Pediatric Sleep Disorders

Does your Child need a Sleep Study?

Although most kids will use any excuse in the book to avoid going to bed at night, lack of a good night's rest can lead to serious problems. As many as 20 percent of children experience problems sleeping. But the effects aren't limited to the child, his or her sleeping problems can impact the entire family. Sleep disorders are sometimes at the root of attention problems, emotional outbursts, frustration and other behaviors that can get in the way of success at school and home. And in one to three percent of seemingly healthy children, Obstructive Sleep Apnea Syndrome (OSAS) presents a serious medical risk. OSAS is a condition where the airway becomes partially or completely obstructed during sleep. If your child experiences any the following symptoms, you may want to discuss your child's sleep with your pediatrician or family physician:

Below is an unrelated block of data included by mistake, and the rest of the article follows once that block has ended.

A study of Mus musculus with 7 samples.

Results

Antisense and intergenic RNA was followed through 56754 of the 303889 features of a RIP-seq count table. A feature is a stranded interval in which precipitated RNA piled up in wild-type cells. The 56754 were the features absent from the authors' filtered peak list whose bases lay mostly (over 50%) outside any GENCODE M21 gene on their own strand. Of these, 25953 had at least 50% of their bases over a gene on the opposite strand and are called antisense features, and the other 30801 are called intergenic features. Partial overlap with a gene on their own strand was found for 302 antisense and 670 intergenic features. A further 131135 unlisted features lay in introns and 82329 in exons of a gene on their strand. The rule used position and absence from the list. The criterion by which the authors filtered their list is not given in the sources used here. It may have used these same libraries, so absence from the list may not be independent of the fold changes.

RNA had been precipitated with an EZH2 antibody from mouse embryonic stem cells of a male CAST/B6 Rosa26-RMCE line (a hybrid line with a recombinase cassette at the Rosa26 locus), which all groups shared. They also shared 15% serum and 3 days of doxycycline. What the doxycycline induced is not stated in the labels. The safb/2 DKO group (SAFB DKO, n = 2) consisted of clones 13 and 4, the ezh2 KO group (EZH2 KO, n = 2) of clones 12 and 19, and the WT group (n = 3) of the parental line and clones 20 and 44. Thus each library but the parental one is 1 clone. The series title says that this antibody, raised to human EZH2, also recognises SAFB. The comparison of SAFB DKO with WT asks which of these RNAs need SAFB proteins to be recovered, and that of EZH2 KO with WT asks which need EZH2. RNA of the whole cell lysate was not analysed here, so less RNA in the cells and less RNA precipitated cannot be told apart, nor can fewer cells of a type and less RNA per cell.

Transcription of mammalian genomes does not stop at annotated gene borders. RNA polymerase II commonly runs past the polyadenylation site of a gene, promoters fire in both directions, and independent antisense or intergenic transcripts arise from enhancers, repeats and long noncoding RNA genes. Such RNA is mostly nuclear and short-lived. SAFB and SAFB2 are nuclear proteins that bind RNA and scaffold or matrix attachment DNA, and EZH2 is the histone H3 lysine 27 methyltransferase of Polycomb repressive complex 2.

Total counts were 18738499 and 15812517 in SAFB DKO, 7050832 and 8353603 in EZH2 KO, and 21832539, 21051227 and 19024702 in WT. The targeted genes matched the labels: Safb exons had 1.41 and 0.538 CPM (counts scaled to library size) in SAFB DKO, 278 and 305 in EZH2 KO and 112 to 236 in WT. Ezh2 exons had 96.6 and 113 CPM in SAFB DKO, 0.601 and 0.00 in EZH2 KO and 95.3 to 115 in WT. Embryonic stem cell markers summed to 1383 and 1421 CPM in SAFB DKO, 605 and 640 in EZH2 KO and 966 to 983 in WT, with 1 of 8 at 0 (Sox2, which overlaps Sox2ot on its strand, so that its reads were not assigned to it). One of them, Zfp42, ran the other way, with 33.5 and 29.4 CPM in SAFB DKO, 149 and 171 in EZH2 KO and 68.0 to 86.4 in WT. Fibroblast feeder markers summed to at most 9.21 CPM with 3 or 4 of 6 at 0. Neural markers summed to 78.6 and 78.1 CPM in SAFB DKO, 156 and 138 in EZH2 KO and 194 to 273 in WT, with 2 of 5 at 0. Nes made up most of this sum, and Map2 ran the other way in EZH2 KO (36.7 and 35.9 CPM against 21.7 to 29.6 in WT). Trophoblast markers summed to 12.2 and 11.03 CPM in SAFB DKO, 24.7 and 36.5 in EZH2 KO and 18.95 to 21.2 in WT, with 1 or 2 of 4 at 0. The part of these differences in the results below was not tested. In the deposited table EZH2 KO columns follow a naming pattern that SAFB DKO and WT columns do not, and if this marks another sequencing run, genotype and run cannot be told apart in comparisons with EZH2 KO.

• Snoring
  • Pauses in breathing
  • Gasping for air
  • Teeth grinding
  • Restless sleep
  • Unusual sleep positions, such as a hyper-extended neck
  • Mouth breathing
  • Bed wetting
  • Difficulty waking in the morning
  • Daytime sleepiness in school
  • Inattention or hyperactivity
  • Trouble concentrating or decreased in school performance
  • Headaches in the morning

You can help your child get the recommended sleep by creating a consistent "sleep hygiene" routine:

  • Set a regular bed time and sticking to it
  • Remove TVs, computers and other distractions from your child’s room
  • Avoid big meals and caffeinated drinks close to bedtime
  • Set a relaxation routine and a quiet time before going to bed
  • Make sure the bedroom is dark, quiet and comfortable

What Next?

If you’ve tried changing your child’s sleeping habits but are still concerned about your child's symptoms, ask your pediatrician to schedule a sleep study with Shore’s Center for Sleep Medicine. The Sleep Center provides overnight studies for children as young as three.